In our world of over-hyped mega productions, "Doubt" was greeted in the theatre world and the world of letters with kudos and applause and rapturous joy. 2005 Tony Awards were showered upon this original production (the play, each actor either awarded or nominated, the director, the production designers) and playwright John Patrick Shanley garnered the 2005 Pulitzer prize for drama. Some lucky among us saw the original cast Off Broadway, then more of us had a chance to catch that cast when the play to Broadway in early 2005. Chicago now is a recipient of the most recent wave of gifts: the original star Cherry Jones, and several Broadway cast colleagues (standbys and/or understudies but Broadway nonetheless) are touring the country with this gem of a play and have landed in Chicago for a short while. You will have missed a great deal if you allow this production to pass through town without seeing it: the production itself, the performances within it, and perhaps as important as all of that, this representation of a grand American theatrical tradition: "touring the provinces". Julie Harris believes in it; the Lunts lived the life; Helen Hayes and Katharine Hepburn honored us all by doing it. And now Cherry Jones brings her performance in the role she created to us. An honor. Attention must be paid.
Subdued gold, deep burgundy, dim lighting, nuanced newly refurbished original architectural details await you in the LaSalle Bank Theatre. There is an anticipatory buzz about the place and the production when you take your seat. This venue is as gorgeous as any New York or London theatre has to offer. This play and this production do it justice.
"Doubt" is the story of a child who may or may not have been molested in a Catholic co-educational school run by nuns and priests in 1960s America. This is a story of adult perceptions, and the balance of doubt and certainty in their lives -- a theme introduced in the play's first scene as a sermon by Father Flynn (Chris McGarry). The action then circles around a young, ostracized, African American male student we never see and whose words and perspective we never hear. Our young student is in the class of the inexperienced and enthusiastic Sister James (Lisa Joyce). Sister Aloysius (Cherry Jones) has called her young colleague into her office to check in on her class, to give the neophyte teacher pointers, and to inquire circuitously about this young charge.
We find that Father Flynn "has taken an interest" in young Mr. Muller. Those few words set a series of thoughts and actions (and reactions) in motion. This is a play of envisioned possibilities, adult expectations and responses to possibly imagined, possibly real harm to a marginalized child. Class, gender roles, and adult responses to moral considerations of right and wrong infuse this marvelously original intensely American morality play. When the child's mother Mrs. Muller (Caroline Stefanie Clay) comes in to talk with Sister Aloysius about the Sister's suspicions, the way Mrs. Muller balances the Sister's concerns with the needs of her child adds sophisticated nuance to this story, making it more than a story of persecution and reprisal.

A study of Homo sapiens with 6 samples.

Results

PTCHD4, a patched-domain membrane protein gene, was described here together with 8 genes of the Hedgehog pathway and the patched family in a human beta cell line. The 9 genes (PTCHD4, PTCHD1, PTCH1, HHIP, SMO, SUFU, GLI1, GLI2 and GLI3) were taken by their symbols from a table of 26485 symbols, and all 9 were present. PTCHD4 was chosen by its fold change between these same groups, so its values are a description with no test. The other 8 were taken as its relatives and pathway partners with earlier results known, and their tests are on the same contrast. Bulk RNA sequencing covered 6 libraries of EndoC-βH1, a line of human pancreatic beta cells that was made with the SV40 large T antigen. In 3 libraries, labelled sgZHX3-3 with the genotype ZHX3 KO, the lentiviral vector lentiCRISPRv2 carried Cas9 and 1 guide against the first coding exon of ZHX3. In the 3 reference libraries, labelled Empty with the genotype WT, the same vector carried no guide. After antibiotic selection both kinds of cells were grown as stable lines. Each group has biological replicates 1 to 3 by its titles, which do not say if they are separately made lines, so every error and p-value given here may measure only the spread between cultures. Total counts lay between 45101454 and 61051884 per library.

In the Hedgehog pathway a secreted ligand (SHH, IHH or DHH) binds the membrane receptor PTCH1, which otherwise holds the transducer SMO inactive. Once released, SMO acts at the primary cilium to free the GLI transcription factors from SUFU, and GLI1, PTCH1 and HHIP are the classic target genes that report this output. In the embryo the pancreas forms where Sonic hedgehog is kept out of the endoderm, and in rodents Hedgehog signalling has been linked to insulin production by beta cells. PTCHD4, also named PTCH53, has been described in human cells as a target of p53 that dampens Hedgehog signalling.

Sister Aloysius is rigid and rigorous and full of surprising humor at herself and at the world. She is as hard on herself as she is on other around her. Her views on writing with the then new fangled ball point pens as opposed to fountain pens, for example, are a metaphor for her view of education: "ball points make them press down and when they press down they write like monkeys". The task of education and adult's role in the world is to teach grace, to corral loose behavior, and train the raw impulses of the children in her care to behave as moral and upright and Catholic adults in the world.
This closely crafted world of intensely and sparely lived lives, among nuns, among priests, and the children and their families just outside the world of the play, just off stage, is imbued by evil. Evil lurks for some characters just around the corner, just at the edge of their consciousness. To Aloysius, the innocence of the children and the innocence of youth is something that itself needs to be shaken awake. Her job is to strengthen the resolve of each child in her care and sister in her Order to be ever vigilant. She says to her young colleague "innocence is a form of laziness". Life is a hard and earnest slog for this hard and earnest and yet surprisingly humorous character. She reflects upon (and justifies) her active stance toward thwarting evil by not sitting by. She says "Innocence can be wisdom only in a world without evil." She is compelled to act on her suspicions.
Aloysius and Cherry Jones, this character and the actress portraying her, rule this play, while the honed balance of all the performances allows the story to shine. The set by John Lee Beatty is spare and efficient, replicating quite closely the Broadway set on the LaSalle Bank Theatre stage. The lighting by Pat Collins is delicate and bold, in equal measure -- you are reminded at the end of each scene that you are, in fact, in a theatre and theatrical lighting pinpoints and highlights characters or stage actions in stark silhouette. David Van Tieghem's sound design effortlessly evokes a locker room full of animated boys or a solitary courtyard singing bird with equal delicacy.
You will regret missing this performance if you don't make it down to the old Shubert Theatre. I myself will attempt to visit a second time before it moves along on its tour.